In a paper developed by the IBM’s Institute for Business Value on ‘Essential tactics to foster innovation in oil and gas’, industry leaders emphasised the importance of innovation within the sector. It is a space, says Dr Nkosi Kumalo, Managing Executive of Sales for Mining at BCX, that is facing numerous challenges around infrastructure, revenue, operations, budgets, regulations and shifting market dynamics.

“This sector is facing incredibly complex market demands, difficulties around infrastructure and access to raw materials, and new dynamics around power generation solutions,” he adds. “It’s an industry that expects companies to juggle everything from compliance to environment to skills to disruption within tight constraints and with increasingly limited budgets.”

“There are questions that the sector has to answer, today,” says Dr Kumalo. “Does it need to innovate around power? Does it need to invest into different types of gas, biofuels or hydrogen? How can it manage the disruption that’s taking place around traditional solutions within the sector? The answer to all these questions lies in innovation.”

Innovation is more than just investigating new technologies, fuels and alternatives to existing solutions. It’s also investment into skills that allow for the industry to reshape its approaches to resources and infrastructure. The sector must find ways of invigorating the industry and building a strong skills pipeline that will enable longevity around production. Within this lies the need to build the skills required to leverage technology so that it can change how companies within this industry manage systems and processes.

“Organisations can’t afford to ignore the impact that technology can make on key areas such as operations, cost efficiencies and revenue,” says Dr Kumalo. “Technology can use data and analytics to gain insights into consumption patterns and to provide forecasting that can transform investment and strategy. This is critical to any business, but particularly those in the petroleum sector.”

If a company can gain granular insight into user patterns it can potentially visualise how these will play out over the next six months and then it can use this data to change the way processes are optimised. It can align systems and spend with analytics to refine how it approaches different markets and how it manages cost efficiencies. And, perhaps even more importantly, it can help the legacy business become more agile and adaptable in the face of disruption.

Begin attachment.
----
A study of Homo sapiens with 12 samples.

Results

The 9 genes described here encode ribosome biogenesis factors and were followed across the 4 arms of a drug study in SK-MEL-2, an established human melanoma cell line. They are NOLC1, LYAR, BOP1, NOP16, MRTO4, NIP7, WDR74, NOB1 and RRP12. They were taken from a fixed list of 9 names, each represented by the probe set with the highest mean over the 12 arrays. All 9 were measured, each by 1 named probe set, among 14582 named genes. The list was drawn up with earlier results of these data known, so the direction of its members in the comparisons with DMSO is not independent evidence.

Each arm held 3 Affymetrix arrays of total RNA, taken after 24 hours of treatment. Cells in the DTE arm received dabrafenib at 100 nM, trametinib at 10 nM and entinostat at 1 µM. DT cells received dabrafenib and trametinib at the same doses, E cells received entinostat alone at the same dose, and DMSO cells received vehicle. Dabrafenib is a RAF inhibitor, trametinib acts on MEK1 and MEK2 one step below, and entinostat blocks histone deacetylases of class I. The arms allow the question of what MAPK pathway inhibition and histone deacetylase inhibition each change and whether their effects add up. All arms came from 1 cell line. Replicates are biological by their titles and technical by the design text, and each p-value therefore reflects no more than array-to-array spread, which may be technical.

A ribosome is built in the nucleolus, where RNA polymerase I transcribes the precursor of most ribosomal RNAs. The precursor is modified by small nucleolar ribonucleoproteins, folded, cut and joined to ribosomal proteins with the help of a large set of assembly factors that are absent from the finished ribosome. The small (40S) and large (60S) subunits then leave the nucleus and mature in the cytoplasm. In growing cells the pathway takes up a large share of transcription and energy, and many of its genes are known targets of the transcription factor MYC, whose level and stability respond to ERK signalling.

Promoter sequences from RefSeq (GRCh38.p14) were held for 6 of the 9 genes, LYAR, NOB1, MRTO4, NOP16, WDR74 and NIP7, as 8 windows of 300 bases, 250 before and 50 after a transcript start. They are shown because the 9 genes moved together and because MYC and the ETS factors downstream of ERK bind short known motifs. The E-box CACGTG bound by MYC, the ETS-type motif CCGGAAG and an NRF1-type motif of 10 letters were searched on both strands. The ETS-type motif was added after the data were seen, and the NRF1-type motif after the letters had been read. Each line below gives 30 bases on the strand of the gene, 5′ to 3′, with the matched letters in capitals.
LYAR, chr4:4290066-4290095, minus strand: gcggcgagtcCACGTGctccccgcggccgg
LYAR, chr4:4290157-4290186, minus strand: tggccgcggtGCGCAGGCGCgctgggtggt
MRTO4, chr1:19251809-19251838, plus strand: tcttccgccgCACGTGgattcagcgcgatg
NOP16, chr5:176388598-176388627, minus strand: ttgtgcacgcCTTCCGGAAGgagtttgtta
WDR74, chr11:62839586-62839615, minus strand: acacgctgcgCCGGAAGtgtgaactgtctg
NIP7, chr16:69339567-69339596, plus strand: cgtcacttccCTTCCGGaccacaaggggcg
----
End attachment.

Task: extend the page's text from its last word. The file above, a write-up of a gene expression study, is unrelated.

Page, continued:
“There’s a number of diverse start-ups entering this space, start-ups that are digitally native and capable of digging into customer needs and delivering very targeted results,” adds Dr Kumalo. “This is a difficult hurdle for many stalwarts in the industry to deal with. They’re dug in, their processes are rigid, and they struggle to embed the culture and agility required to pivot and innovate.”

On top of this, the industry is grappling with finding space for innovation. The IBM paper points out that there are four types of innovation that can fundamentally shift the balance within this sector: product innovation, service innovation, process innovation, and revenue innovation.

“These areas are key to the long-term, sustainable growth of the industry,” says Dr Kumalo. “Companies must look to the future in order to shape their product offerings, their service delivery, and how their strategies are aligned with visionaries like Elon Musk – leaders who are changing the shape of the industry as a whole.”

While this may seem a daunting list of challenges and hurdles that have to be vaulted by a beleaguered industry, the truth is that there is immense potential for the industry. It is one that sits on the cusp of change that can allow for innovative shifts in focus and solution and that can potentially change the dialogue around the future. What’s needed, to fully support the sector as it embraces technology and innovation, is partnerships that understand the landscape and the unique needs within it.

“Partnerships are key to the future of the industry,” concludes Dr Kumalo. “They can help organisations determine what type of innovation is relevant to them, what areas require investment, and how to leverage technology to create holistic ecosystems for sustainable results. Now is the time to collaborate and create solutions that will redefine the industry alongside the right partners. This is how the sector can innovate and recreate the narrative that currently limits its potential.”